Des Moines Area Regional Transit Authority-DART
How many people do you employ/how many people at your agency? 250
How long have you worked in the industry? 12 years
How long have you been an APTA member? 12 years
What drew you to a career in public transportation?
I discovered my love of public transit as part of my grad school work at the University of North Carolina-Charlotte. I had the opportunity to work in the transportation research lab, and my first project was to create a model that compared the effectiveness of coverage vs. frequency.
Basically, we wanted to provide a scientific answer to a simple question: What’s the best way to grow ridership? We compared two strategies: cover more parts of a city with bus routes, though with lower frequency service; or cover fewer parts of the city, but use major corridors and run the buses more frequently.
We found that frequency was more important than coverage in growing ridership. To me, it was a fascinating exercise. I was hooked.
What have you found to be the most valuable APTA benefit or resource—that helps you do your job?
I am a proud graduate of the 2011 Leadership APTA class. That experience has been invaluable in the progression of my career, development of leadership skills, and making new lifelong friendships. Having the ability to participate in such a great program that allows you access to so many industry leaders and experiences is a great benefit of APTA.
In addition, APTA really affords people within the public transportation industry the ability to make connections. More than anything, I learn by seeing what other people are doing. So it is incredibly valuable for me to have the opportunity at conferences and other meetings to get to know my colleagues. For most transit agencies in mid-sized cities, there are no other entities within the community that provide transportation services on the same scale, which is why it is so important to have a network to call upon.
Please explain why or how this has helped.
I was recently faced with a major dilemma. DART is building a new LEED-certified transit center in downtown Des Moines. We are using the APTA standards for the elevator in the building, but we were having the hardest time finding a heavy duty elevator that met the specification and also met 100 percent Buy America.
So I reached out to APTA and found out who wrote the standards. From there, I was told about other agencies that had recently gone through elevator procurements as part of a building construction. I contacted them and asked them how they worked through the same issue. With that information, eventually, we were able to find an elevator that met the Buy America requirement (and I also learned a lot about the Buy America standards).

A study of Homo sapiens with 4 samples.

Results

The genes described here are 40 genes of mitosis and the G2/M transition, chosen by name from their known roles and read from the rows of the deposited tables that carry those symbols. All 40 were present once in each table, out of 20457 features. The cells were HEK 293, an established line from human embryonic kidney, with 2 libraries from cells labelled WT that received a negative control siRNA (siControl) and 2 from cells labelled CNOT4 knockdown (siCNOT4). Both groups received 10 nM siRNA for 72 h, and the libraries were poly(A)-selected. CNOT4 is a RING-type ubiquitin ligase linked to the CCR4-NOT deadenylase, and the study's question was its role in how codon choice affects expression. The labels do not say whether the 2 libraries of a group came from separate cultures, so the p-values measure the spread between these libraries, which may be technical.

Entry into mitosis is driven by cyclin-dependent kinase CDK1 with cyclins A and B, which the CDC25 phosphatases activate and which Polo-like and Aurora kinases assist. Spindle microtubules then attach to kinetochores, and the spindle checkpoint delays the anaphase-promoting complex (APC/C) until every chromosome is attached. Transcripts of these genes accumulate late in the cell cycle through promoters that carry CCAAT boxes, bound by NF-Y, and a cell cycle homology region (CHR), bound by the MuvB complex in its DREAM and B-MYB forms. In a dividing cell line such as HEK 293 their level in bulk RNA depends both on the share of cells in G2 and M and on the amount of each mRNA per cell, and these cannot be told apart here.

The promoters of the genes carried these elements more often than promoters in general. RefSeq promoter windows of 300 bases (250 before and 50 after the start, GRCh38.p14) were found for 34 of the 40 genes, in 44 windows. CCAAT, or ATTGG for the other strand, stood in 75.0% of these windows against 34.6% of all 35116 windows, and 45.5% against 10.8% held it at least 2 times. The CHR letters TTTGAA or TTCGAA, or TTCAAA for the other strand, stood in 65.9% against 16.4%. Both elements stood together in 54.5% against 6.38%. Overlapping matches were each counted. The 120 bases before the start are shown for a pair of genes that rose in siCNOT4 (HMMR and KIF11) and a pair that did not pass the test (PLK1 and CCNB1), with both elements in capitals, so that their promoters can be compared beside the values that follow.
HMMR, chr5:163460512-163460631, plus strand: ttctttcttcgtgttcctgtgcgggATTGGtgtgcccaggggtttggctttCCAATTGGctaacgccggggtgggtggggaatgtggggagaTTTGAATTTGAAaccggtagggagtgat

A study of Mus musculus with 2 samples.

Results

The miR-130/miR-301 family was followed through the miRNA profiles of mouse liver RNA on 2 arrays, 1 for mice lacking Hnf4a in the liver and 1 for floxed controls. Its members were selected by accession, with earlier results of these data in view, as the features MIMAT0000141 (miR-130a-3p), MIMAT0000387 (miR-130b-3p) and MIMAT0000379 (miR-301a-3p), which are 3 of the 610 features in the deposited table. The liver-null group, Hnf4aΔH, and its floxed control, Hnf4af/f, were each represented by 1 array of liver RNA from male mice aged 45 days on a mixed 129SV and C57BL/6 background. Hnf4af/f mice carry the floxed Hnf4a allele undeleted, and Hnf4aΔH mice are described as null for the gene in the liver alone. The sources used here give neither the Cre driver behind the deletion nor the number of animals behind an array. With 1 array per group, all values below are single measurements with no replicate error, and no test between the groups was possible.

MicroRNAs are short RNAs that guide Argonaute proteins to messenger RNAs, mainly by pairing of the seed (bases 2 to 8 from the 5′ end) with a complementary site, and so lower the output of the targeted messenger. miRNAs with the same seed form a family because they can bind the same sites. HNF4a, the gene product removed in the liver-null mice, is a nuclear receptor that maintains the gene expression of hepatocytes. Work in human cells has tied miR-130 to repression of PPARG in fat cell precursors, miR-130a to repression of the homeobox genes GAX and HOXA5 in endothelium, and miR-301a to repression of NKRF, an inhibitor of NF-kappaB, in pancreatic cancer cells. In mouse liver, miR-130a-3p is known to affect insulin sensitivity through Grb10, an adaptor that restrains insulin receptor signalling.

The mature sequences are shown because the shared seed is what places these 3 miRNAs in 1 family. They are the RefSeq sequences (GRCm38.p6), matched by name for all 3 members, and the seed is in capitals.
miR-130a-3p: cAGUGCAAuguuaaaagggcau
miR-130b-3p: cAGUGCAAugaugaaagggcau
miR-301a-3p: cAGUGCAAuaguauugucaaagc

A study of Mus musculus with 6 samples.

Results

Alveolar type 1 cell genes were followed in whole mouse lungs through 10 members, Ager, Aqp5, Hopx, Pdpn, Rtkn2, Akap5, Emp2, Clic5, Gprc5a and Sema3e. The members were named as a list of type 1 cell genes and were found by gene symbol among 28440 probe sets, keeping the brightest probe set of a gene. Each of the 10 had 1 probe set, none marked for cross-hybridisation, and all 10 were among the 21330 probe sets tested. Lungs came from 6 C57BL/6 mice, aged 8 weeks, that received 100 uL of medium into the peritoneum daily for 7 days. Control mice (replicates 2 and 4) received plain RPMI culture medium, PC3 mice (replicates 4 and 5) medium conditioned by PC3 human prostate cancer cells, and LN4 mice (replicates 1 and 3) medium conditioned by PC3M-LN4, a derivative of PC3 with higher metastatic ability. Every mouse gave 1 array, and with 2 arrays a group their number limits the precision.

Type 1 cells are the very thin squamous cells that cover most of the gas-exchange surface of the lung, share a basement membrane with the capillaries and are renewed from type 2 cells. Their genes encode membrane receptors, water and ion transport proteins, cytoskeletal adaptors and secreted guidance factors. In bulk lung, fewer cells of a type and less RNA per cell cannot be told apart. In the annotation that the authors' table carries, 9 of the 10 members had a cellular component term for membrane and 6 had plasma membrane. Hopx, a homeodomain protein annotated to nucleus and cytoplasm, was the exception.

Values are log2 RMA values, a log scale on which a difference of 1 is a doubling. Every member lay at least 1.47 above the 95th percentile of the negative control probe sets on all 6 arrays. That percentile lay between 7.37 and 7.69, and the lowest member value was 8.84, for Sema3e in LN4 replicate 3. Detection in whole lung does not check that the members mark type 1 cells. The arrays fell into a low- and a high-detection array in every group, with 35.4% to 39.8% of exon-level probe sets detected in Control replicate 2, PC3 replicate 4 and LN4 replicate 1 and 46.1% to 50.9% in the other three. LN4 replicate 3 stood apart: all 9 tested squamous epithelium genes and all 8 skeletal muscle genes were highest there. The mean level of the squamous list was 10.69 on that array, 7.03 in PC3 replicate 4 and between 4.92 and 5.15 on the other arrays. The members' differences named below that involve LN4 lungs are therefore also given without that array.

In short, if I’ve got a problem, one of my first calls is to APTA or a fellow APTA member.
What do you like most about your job?
I like the public service element of it—knowing that the hard work that your entire team does every day really is a benefit to the community, improving the quality of life within the region we live. I also like the diversity of the job—having the opportunity to work with all the different departments and to see things change, for the better. I couldn’t ask for a better team; the staff at DART truly enjoys what they do and their willingness to improve upon what they do every day definitely makes it a pleasure to come to work.
Right now, DART is in a period of rapid expansion, which is very rewarding to see. As I mentioned earlier, DART is building a new transit center in downtown Des Moines, thanks to $20.5 million in state and federal grants. When it opens this fall, it will provide customers with indoor waiting areas, public restrooms, customer service desk—amenities that, while seemingly basic, are not available on our current open-air transit mall.
What is unique about your agency/business (what would readers be surprised to learn)?
Living in a Midwest city, people seem to be focused on their cars, but there is a tradition of public transit within Des Moines that still percolates today. Little known fact: Des Moines, Iowa, was one of the first cities in the country with electric streetcars. Why? A clever businessman used electric streetcars to skirt a charter agreement that the city had with one of his competitors, giving this competitor the exclusive right to operate animal-powered vehicles on city streets. With animals off limits to him, this entrepreneur went electric.
Today, there is still a group of streetcar buffs who regularly meet to keep alive the city’s transit history. In addition, a majority of DART’s customers are choice riders.
Make sure you see Elizabeth's video now that you've read this!